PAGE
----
An MIT alumna has developed a mobile app that uses AI to classify various skin conditions, ranging from melanoma to shingles.
Co-founded by MIT alumna Susan Conover, Piction Health aims to help primary care physicians recognise skin conditions so they can quickly refer patients to dermatologists who may have life-threatening melanoma.
She was inspired by her own experience of finding a suspicious mole but was informed it would take three months before she could see a dermatologist. Though her mole turned out to be benign, she realised there was a need for a more efficient process.
The original objective was to identify skin cancer based on images taken with the mobile app, but Conover and her co-founder, Pranav Kuber, expanded their database to assist clinicians with identifying more frequent skin conditions, such as acne, eczema and shingles.
“All these other conditions are the ones that are often referred to in dermatology, and dermatologists become frustrated because they’d prefer to be spending time on skin cancer cases or other conditions that need their help. We realised we needed to pivot away from skin cancer in order to help skin cancer patients see the dermatologist faster,” Conover told SciTechDaily.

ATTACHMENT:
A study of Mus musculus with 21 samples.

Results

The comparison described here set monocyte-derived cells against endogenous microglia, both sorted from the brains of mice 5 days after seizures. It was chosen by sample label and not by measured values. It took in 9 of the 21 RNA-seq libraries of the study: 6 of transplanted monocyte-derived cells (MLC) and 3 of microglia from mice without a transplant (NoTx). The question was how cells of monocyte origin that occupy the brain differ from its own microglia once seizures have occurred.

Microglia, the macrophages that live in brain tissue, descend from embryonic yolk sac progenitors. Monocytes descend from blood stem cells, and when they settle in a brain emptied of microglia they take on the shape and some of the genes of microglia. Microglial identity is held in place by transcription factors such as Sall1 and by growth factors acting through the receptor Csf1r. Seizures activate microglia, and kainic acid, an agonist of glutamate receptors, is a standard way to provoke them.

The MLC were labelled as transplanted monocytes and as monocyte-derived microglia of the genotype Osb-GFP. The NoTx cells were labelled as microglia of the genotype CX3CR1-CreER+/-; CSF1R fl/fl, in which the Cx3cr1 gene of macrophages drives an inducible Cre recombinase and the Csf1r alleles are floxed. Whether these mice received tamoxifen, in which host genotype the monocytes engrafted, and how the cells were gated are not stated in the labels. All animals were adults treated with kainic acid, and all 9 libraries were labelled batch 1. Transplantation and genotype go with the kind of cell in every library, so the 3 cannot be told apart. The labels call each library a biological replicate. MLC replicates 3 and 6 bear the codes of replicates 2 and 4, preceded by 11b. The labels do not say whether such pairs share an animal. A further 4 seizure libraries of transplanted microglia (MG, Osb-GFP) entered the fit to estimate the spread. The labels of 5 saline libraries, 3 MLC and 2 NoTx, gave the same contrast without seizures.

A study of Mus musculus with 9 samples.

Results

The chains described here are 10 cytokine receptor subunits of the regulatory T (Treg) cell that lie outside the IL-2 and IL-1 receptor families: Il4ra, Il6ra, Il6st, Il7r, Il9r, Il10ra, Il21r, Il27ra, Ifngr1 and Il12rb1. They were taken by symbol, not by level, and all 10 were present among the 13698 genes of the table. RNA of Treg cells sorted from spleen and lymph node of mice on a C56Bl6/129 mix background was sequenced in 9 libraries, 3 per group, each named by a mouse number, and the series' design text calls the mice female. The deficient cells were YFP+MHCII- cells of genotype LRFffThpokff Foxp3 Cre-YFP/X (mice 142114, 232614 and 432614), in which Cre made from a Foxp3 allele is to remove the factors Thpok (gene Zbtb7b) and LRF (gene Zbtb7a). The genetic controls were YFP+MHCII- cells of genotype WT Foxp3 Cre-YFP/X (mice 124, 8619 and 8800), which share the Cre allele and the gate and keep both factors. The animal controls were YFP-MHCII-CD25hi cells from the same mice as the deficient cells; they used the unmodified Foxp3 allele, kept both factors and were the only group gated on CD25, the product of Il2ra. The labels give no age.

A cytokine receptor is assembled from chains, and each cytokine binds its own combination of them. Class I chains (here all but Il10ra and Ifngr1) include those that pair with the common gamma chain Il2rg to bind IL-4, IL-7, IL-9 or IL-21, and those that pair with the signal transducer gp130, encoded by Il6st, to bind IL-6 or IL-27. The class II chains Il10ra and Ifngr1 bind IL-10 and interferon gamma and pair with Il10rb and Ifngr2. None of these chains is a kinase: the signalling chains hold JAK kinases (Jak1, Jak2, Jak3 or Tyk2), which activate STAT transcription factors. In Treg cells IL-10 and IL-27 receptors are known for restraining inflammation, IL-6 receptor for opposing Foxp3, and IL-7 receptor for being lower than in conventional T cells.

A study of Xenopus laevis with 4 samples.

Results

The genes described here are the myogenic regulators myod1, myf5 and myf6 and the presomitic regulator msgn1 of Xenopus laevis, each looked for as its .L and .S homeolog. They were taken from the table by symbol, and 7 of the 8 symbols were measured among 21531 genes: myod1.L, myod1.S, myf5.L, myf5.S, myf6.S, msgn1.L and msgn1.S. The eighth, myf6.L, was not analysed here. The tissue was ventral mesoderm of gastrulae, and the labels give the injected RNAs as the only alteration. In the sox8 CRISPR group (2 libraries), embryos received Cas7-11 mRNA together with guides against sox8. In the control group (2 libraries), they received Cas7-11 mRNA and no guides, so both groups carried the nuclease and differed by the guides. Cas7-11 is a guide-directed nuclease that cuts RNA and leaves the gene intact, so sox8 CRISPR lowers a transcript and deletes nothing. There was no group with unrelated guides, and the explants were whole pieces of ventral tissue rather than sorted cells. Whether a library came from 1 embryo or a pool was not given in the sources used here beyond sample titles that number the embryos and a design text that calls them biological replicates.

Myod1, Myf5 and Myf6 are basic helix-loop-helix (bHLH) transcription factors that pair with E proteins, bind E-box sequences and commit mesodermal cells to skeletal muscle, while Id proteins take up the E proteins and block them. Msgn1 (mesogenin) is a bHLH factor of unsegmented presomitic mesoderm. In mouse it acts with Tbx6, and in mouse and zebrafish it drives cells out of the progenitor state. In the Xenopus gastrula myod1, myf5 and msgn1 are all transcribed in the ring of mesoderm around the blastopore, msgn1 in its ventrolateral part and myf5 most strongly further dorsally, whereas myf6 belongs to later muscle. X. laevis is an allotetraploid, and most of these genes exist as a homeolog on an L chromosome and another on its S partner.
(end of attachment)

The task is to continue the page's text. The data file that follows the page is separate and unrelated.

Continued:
Training an algorithm to identify various skin diseases is much more complex than only diagnosing melanoma. Piction has accumulated what it said is the world’s largest image database of rashes with more than 1 million photos from 18 countries, taken by dermatologists.
“We decided it’s better to just jump to making the full product … that identifies all different rashes across multiple body parts and skin tones and age groups,” said Conover.
The machine learning tool can assist physicians with distinguishing between skin diseases for better patient care. Conover said the software can decrease the case evaluation time by 30 per cent, which can expedite potential melanoma cases to dermatologists while allowing primary care physicians to treat more routine cases. Most of the skin conditions diagnosed by clinicians are skin rashes such as eczema, rosacea, or psoriasis.
The model can also decrease costs for health care institutions by eliminating needless prescriptions, unwarranted referrals, or repeated doctor’s visits.
Piction plans on launching several pilots, including platforms that can assist with wound treatment or identify infectious diseases, such as leprosy. The company wants to partner with nonprofit groups to assist clinicians who do not have easy access to specialists or diagnostic tools.